What is the Greatest Defensive Skill?

A proper defensive strategy requires a unique skill we must strive to develop.

posted on October 14, 2021

We can’t see what’s happening behind us, which makes the need for heightened awareness all the more critical. Be alert for anything out of the ordinary.

You can say what you want to about your favorite defensive school or those advanced-fighting techniques you learned, but the greatest defensive skill that a person can develop is simply awareness. I will freely admit that developing effective awareness is anything but simple, but being able to spot trouble before it is close enough to get in your face will certainly save you from a lot of trouble and possibly even some pain and grief.

Whenever I talk about being aware about what is going on in one’s immediate vicinity, I always hear from a few folks who inform me that they are always aware. Now, I don’t want to hurt any feelings, but those people either don’t understand the concept or they are just trying to sound tough. None of us are as aware as we should be, and none of us are as aware as we are capable of being. But, it is a skill that we can improve on if we are willing to work at it.

Hunters might consider the whitetail deer. It is one thing to sit in a box and ambush the deer as it walks by. But, just try getting out in the woods and walking up on that same deer. Even when they are feeding, deer are continually raising their heads and looking all around, checking out their immediate location. You can walk up on a whitetail deer—I know because I’ve done it—but you won’t do it very often and you will certainly have to work at it.

Those who don’t hunt might consider the family house cat. Now, there’s another animal that is quite difficult to surprise, and for the same reason. Cats pay extremely close attention to what is going on around them. The citizen who is concerned about their own personal defense is wise to do the same.

We need to be concerned about what is going on behind us because criminal attacks often come from that direction. At the same time, we need to be watching for people and situations that just don’t seem to fit. We need to spot trouble as far away as possible. The farther away it is, the more options we have to deal with it and the more time we have to prepare for it. We may take cover and prepare to fight, or we might just use the closest exit and leave the scene. It is another example of distance being our friend.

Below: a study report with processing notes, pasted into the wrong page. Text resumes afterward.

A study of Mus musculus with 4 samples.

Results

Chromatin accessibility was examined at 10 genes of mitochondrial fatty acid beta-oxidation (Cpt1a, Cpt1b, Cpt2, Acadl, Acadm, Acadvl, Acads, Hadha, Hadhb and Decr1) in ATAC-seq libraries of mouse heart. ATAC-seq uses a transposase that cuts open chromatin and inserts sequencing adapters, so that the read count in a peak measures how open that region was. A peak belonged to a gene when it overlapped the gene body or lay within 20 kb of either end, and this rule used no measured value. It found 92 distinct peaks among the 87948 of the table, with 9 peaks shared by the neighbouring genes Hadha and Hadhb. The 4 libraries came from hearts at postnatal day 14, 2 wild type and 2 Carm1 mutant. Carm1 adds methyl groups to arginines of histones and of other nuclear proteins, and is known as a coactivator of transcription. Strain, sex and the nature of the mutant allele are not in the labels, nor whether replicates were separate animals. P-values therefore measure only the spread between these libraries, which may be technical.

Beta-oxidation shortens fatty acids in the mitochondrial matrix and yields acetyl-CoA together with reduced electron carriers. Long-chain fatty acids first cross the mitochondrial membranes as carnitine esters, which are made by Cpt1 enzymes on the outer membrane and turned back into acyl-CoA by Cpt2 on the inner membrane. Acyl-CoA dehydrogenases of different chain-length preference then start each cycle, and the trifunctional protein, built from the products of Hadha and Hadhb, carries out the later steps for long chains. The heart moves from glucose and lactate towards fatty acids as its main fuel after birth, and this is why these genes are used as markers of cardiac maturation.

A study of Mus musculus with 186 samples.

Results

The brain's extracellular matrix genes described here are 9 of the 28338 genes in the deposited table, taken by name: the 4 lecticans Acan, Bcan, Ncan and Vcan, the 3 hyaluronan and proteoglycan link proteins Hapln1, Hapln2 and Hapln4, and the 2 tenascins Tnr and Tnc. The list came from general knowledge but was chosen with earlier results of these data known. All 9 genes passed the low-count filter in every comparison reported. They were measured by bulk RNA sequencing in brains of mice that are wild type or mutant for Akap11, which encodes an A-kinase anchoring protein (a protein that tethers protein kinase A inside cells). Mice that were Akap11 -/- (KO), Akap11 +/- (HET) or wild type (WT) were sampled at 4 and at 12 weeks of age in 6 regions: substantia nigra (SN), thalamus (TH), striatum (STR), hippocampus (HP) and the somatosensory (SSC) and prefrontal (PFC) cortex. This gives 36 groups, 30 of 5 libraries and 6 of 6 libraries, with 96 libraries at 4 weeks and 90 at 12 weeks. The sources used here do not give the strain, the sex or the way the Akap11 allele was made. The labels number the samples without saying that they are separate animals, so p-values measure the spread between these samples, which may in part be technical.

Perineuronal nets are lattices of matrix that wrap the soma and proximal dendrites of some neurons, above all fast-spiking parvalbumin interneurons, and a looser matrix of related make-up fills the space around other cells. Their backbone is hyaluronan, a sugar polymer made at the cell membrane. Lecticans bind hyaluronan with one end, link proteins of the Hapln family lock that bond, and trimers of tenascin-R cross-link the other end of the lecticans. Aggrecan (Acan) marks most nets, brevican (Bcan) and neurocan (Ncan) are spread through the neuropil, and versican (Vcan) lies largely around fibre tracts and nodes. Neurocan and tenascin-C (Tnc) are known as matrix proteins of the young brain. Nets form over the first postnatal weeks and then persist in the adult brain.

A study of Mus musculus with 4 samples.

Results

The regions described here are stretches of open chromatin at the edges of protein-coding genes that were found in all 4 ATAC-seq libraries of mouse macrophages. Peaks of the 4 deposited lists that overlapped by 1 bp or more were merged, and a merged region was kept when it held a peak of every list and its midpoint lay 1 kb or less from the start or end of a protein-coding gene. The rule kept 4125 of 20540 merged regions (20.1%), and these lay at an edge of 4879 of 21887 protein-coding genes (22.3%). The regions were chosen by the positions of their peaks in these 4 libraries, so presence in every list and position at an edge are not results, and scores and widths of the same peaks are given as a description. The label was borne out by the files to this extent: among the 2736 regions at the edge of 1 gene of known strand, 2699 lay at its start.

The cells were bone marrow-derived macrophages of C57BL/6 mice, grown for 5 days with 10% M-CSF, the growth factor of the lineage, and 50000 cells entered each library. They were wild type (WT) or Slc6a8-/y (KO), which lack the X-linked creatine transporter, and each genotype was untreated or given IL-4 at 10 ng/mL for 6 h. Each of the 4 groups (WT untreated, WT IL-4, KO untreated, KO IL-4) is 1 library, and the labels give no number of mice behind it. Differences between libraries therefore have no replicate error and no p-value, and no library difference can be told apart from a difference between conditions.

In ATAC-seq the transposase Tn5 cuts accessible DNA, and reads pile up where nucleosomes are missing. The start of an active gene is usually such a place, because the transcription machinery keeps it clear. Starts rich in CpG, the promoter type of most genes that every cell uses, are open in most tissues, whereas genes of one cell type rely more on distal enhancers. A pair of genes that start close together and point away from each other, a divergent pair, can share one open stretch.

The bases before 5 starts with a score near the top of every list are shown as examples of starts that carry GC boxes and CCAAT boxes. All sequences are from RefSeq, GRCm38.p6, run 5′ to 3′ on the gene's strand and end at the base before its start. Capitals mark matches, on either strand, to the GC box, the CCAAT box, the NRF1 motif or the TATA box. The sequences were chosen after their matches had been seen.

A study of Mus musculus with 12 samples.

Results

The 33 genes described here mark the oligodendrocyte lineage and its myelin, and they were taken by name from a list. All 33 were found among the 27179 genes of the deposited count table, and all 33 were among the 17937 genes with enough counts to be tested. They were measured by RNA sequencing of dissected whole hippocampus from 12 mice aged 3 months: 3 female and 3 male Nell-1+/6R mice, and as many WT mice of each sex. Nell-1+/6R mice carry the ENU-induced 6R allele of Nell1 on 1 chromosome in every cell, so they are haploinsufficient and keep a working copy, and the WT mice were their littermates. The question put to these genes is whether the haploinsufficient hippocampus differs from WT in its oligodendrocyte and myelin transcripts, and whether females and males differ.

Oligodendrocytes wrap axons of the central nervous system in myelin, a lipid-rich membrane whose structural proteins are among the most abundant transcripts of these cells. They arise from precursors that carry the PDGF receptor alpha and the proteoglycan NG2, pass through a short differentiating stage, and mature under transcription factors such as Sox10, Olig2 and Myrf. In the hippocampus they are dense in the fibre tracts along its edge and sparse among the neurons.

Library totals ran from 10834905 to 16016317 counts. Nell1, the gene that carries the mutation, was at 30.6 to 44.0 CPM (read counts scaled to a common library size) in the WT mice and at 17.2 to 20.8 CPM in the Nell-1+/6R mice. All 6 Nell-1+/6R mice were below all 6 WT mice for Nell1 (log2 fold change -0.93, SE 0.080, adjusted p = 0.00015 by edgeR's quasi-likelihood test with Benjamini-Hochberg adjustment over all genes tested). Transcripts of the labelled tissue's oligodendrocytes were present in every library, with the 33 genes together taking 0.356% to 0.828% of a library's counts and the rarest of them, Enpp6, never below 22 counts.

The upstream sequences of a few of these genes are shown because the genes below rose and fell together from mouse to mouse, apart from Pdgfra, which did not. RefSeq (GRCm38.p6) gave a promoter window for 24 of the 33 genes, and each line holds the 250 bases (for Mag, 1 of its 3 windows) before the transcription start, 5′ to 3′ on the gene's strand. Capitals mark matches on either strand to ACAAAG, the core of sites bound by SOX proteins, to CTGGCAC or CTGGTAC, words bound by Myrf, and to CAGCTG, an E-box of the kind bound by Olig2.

None of us are as aware as we should be, and none of us are as aware as we are capable of being. But, it is a skill that we can improve on if we are willing to work at it.

Too often, we drop our guard in places and situations where we feel safe and comfortable. In our home, our church or the friendly neighborhood restaurant, we may feel some sense of security. But, violent attacks have occurred in all of those places. Here is a skill check for you: The next time you sit down in that restaurant see, without cheating, if you can describe the people who are sitting at the table behind you.

One of the biggest problems I have regarding awareness is I live in a small town where nothing much goes on. I can’t even remember the last time we had an armed robbery or a home invasion. But obviously, the next one could happen tomorrow, and I might be the intended victim. I have to continually remind myself to keep my head up and my eyes open—not just looking but actually seeing and evaluating—what is going on around me. Most of the time I get that done because it has become a commitment on my part.

A great way to improve our awareness is if our spouse or partner understands the concept and is willing to work with us to improve our skill levels. We can remind each other when one of us is not paying attention. It can become sort of a little private competition, and can often turn the work into fun. We gain points any time we are able to approach a friend without him being aware and we lose points any time that happens to us. You would probably have to lose quite a few points if you don’t see the police car until it is behind you with its lights on, for example.

This state of awareness is what Col. Jeff Cooper called Condition Yellow. And, as he pointed out, the more we practice it, the less stress it creates. When we work at being aware of our surroundings, we can maintain that state for long periods of time. The more we work at it, the more it becomes a habit and a way of life. Drawing on his military experience, Cooper said, “A commander may be forgiven for being defeated, but never for being surprised.” If we are truly observant and aware of what is going on around us, I submit that the defeat will most often go to our attacker. May it be so.